History doesn’t repeat itself but it often rhymes. Four years on from their iconic, historic win over South Africa, Japan showed that they remain a force to be reckoned with as they stunned Joe Schmidt’s Ireland in a storming performance that defied expectation. Ferocious at the contact, vibrant in attack and underpinned by an unwavering sense of self-belief from start to finish, the hosts fought back from two tries down to record a thrilling 19-12 victory here in Shizuoka.
That the evening ended with a spectacular fireworks display, prepared on the off-chance of an improbable win, demonstrated the extent to which Japan quietly believed themselves capable of an upset. Still, as the air filled with smoke and falling ash after a riotous explosion of lights and sound, it took a moment or two to acknowledge what had unfolded – and what it all meant.
After back-to-back wins, the first coming against Russia in the tournament’s opener, Japan now stand on the brink of a first-ever quarter-final berth at the World Cup. It marks a remarkable achievement for a Tier Two side that, since the famous win in Brighton, has dropped its minnow status and emerged as a genuine force in the sport – one now capable of muscling in among the elite heavyweights that dominate the landscape.
As for Ireland, the result and performance poses serious questions of their World Cup credentials. After the emphatic win against Scotland last weekend, Schmidt’s men looked to be returning to their best. But here, in the hot and humid conditions of Japan’s south coast, the Irish looked a former shadow of the side that had strolled to victory in Yokohama.
This was Ireland’s first ever defeat at the hands of Japan, having won each of their previous seven encounters by an average margin of 31 points. Although they secured a precious bonus point, the men in green must make sure of their remaining fixtures against Russia and Samoa, with a possible quarter-final showdown against the All Blacks now on the cards.
It was an afternoon that had started with a palpable sense of anticipation. They had come in their masses. From Tokyo, Yokohama, Osaka and beyond. Filling the Shinkansen trains, seat after seat, row after row, Japan’s fans poured into the local area with high hopes of an upset. But for the opening stages of this encounter, such aspirations seemed fanciful at best.
Over the course of eight bruising minutes, Ireland delivered a two-try punch to suggest there would be nothing atypical about this game. Jack Carty pulled the strings in both instances, having made a bright start to the match as Johnny Sexton’s stand-in, the Leinster man sidelined with a thigh injury.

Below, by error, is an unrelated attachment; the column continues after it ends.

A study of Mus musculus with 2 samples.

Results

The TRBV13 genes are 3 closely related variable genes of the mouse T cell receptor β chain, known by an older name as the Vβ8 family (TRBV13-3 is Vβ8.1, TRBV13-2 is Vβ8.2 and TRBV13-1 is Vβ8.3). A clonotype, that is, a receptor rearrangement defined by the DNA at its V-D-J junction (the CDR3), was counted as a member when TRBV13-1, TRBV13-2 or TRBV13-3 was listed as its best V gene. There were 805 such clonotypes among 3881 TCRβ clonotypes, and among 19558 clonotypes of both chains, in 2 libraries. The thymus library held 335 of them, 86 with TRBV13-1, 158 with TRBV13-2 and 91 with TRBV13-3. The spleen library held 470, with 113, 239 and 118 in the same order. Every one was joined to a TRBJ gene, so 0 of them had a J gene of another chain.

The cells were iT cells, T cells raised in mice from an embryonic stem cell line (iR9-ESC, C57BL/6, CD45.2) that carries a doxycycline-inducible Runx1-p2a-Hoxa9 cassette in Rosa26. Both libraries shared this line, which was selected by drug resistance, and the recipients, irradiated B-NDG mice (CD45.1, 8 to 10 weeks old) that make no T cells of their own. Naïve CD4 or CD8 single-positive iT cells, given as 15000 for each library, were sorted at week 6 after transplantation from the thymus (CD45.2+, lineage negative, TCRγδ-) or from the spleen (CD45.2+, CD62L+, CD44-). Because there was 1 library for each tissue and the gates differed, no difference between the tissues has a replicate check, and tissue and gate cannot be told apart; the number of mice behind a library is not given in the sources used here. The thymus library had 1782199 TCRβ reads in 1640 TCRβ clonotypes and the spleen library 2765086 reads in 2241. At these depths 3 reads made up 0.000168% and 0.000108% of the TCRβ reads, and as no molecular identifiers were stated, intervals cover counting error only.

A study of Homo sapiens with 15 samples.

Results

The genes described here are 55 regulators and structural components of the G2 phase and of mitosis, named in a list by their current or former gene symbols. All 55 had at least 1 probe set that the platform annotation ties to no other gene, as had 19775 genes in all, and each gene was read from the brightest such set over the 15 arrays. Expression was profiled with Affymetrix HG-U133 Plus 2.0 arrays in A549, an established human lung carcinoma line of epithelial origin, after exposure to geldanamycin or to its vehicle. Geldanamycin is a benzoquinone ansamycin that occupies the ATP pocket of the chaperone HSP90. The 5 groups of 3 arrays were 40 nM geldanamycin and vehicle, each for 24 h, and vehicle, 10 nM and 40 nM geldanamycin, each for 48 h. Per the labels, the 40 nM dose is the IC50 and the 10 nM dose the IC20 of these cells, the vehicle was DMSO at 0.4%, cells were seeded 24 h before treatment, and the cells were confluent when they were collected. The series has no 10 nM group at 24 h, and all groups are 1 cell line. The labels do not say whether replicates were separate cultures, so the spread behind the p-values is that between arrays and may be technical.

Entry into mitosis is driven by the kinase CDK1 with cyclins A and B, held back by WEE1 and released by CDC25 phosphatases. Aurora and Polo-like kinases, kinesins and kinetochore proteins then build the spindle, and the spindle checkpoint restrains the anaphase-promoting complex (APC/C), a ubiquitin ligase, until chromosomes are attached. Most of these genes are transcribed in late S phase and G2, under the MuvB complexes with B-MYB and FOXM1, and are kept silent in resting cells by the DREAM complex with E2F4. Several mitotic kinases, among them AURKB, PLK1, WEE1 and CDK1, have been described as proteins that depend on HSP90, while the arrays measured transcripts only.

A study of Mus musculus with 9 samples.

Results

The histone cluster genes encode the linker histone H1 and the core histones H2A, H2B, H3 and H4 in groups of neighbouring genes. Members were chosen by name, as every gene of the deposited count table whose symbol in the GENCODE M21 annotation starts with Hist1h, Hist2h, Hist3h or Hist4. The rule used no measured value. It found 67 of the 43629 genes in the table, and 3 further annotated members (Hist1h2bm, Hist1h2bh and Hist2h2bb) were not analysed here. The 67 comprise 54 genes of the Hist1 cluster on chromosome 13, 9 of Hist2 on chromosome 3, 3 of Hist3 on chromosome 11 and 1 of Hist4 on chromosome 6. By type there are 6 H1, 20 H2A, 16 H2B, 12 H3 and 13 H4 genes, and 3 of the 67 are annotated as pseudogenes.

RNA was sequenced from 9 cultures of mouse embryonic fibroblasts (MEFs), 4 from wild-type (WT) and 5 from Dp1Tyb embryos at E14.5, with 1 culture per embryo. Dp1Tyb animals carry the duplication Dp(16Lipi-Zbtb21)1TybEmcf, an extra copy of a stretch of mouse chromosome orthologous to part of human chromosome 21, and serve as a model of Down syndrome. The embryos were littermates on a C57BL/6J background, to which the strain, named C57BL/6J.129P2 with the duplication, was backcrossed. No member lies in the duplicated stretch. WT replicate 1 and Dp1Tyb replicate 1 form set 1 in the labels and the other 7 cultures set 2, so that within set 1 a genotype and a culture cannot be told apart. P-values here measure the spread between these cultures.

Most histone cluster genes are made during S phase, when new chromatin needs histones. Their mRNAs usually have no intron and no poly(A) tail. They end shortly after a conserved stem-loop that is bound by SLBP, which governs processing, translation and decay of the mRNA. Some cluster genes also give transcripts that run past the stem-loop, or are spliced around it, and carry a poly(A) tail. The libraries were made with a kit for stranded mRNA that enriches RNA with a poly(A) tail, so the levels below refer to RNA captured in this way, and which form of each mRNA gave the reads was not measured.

For the first score, Carty’s high hanging cross-field kick was placed to perfection, finding Garry Ringrose in the far right corner as the centre landed on the turn to beat his man and touch down. The second, too, came from Carty’s boot. With Ireland pressing in their opponents’ 22, the Irish fly-half spotted space in behind, exploiting it with a softly-weighted dink. The contested ball fell kindly to Rob Kearney who, from five metres out, barrelled over for his team’s second.
But this was to be the beginning of the end for Ireland as Japan slowly but surely stirred into life. The resistance they offered was not immediate. It was a gradual process that crystallised with each crunching tackle, each surging wave forward, each defensive turnover. The inner belief had been there from the start – as exemplified by Kotaro Matsushima’s early chance off a smart kick-through – but it took until the closing stages of the first half for the Japanese to truly appreciate what was possible.
With Ireland struggling to reassert themselves after Ringrose and Kearney’s tries, the penalties were slowly drawn. Fly-half Yu Tamura set about his business, kicking three of his four chances. Heading into the break 9-12 down, Japan believed.
The Brave Blossoms started the second half in a similar vein to the first. In the minutes that followed the restart, Ireland spent much of this time in their own half, pinned down by an aggressive Japanese pack that was beginning to intensify its physicality at the breakdown and hold its own in the set-piece.
Come the 60-minute mark, Jamie Joseph’s side had their breakthrough. After a mix-up between CJ Stander and Chris Farrell off an Ireland scrum, the referee signalled for a Japan put-in at the 22.
After a huge shunt, a wall of red and white shirts rolled forward on the crash ball, picking and driving, sucking in the Irish, moving ever closer to the white line. Eventually the trigger was pulled. The ball went left through three sets of hands, quick as a flash, and there, hugging the touchline, with no opposite man in front of him, was Kenki Fukuoka to dot down.
Tamura’s conversion took the score to 16-12 before a late penalty in front of the posts extended the lead by three more points. A Fukuoka break in the dying minutes had threatened to rub salt into the Irish wounds but a last-ditch tackle from Keith Earls limited the damage. That the substitute had failed to add a second mattered for little.
As the whistle finally blew and Japan’s exhausted bodies fell to the turf, a sense of what had been achieved washed over the crowd. Another momentous victory for this ascendant side and the promise of knockout rugby. A fitting reward for a nation that is continuing to thrill and delight in equal measure on the grandest of stages.